Archive for January 29, 2013

Artist of the moment……Kazimir/ Kasimir Malevich…..

Kazimir Malevich was born in Kiev, Russia in the year 1879. Some sources say 1878, but it is officially 1879.

Malevich did a fair amount of work promoting the Political ideas of the Communist party. I enjoy his works in this style that would be perfect for woodcuts or linocuts.

When you think of the artist Kazimir Malevich, Suprematism should come to mind. This was a movement that dealt with art as non objective or with reference to something. The square wasn’t supposed to be anything else. Not a brillo pad box or box of  Wheaties, just a square. Malevich made his first type of painting in this style in 1913.

Here is a great clip featuring a show at the Gagosian Gallery. Its great to watch the curator get so excited about his Suprematist works. He made barely more than eighty, forty seven are in public museums, around twenty were destroyed. These are his most significant works so take five minutes to relax and check out his masterworks! The breakout year for Malevich was in 1915.

In the clip above the curator tells us also showing at the same time is Richard Serra. I found these two artists experimented with the same ideas of form and space. Here is a piece done in 1915 titled black square by Malevich.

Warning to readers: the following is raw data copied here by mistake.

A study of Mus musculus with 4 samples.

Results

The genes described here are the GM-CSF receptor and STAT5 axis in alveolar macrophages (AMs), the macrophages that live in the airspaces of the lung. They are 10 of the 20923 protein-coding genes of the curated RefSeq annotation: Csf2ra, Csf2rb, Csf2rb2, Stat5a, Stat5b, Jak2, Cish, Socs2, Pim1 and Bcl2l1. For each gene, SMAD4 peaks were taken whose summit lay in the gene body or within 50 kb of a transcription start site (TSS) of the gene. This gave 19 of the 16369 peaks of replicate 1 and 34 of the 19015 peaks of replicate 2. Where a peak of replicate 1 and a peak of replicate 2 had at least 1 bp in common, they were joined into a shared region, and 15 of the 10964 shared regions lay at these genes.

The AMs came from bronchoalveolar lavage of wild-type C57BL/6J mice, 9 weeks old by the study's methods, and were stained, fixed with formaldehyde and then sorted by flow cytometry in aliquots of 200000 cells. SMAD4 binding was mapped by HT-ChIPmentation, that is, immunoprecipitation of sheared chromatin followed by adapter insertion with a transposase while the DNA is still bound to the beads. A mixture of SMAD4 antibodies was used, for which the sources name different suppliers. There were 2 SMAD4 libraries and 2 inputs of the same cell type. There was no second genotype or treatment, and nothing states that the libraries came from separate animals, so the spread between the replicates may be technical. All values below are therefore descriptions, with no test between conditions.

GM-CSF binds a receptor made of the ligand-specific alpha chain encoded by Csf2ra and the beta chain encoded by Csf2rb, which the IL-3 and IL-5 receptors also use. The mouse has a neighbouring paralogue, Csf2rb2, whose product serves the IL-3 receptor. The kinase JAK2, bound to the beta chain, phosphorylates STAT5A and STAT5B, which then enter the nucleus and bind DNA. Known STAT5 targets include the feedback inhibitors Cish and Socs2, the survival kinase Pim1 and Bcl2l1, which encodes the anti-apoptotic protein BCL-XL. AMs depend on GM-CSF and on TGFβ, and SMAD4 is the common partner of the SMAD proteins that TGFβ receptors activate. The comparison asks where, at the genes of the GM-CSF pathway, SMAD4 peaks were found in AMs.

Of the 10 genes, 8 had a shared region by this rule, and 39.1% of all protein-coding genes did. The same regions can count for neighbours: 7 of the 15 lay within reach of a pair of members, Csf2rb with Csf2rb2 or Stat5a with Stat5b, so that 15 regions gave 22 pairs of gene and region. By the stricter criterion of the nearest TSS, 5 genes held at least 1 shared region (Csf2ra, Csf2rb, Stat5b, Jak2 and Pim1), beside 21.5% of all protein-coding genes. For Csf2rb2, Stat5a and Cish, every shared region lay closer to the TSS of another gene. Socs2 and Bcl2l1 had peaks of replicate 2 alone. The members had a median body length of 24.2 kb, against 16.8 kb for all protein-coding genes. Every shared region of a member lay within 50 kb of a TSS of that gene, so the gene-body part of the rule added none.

Richard Serra has spent much of his career working with form and especially with the black square format. Here is a great example of Serra’s style, he is primarily known for his work with sculpting and the basic geometric shapes.


Malevich produced many lithographs which can be found from $2,500 to $20,000. The artist set a record for himself and a painting titled Suprematist Composition that sold for $60 million dollars in 2008.

In this clip some of the artists work set to piano music.

Malevich’s family came to Russia from Poland. His father ran a sugar factory. Malevich was one of fourteen children, nine made it to adult age.

Malevich first studied drawing at the age of sixteen and seventeen years old. The artist went on to attend the Moscow School of Painting. In addition to going to class, the artist was able to learn from a professional painter in a studio setting. His teacher’s name was Fedor Rerberg.

Rerberg was a  great painter of all things. Check out this picture that is a indeed a great still life (watermelons, nude (the two ladies), and seascape ( the setting with the nude and water reminds me of Jeremy Lipking, Anders Zorn, or John Whorf who also painted great nudes alongside the water. ) The painting below is by Rerberg.


Malevich also explored the theme of painting with shades of white. Or if you like books, a modern very light fifty shades of grey! This work is held in the Museum of  Modern Art’s Collection.


Another artist who explored the same idea decades later was Robert Rauschenberg. Here is style of white on white painting.


Malevich died from cancer in 1935 at the age of fifty six years old . At his funeral his body was shown below a black square and funeral goers were allowed to wave black banners.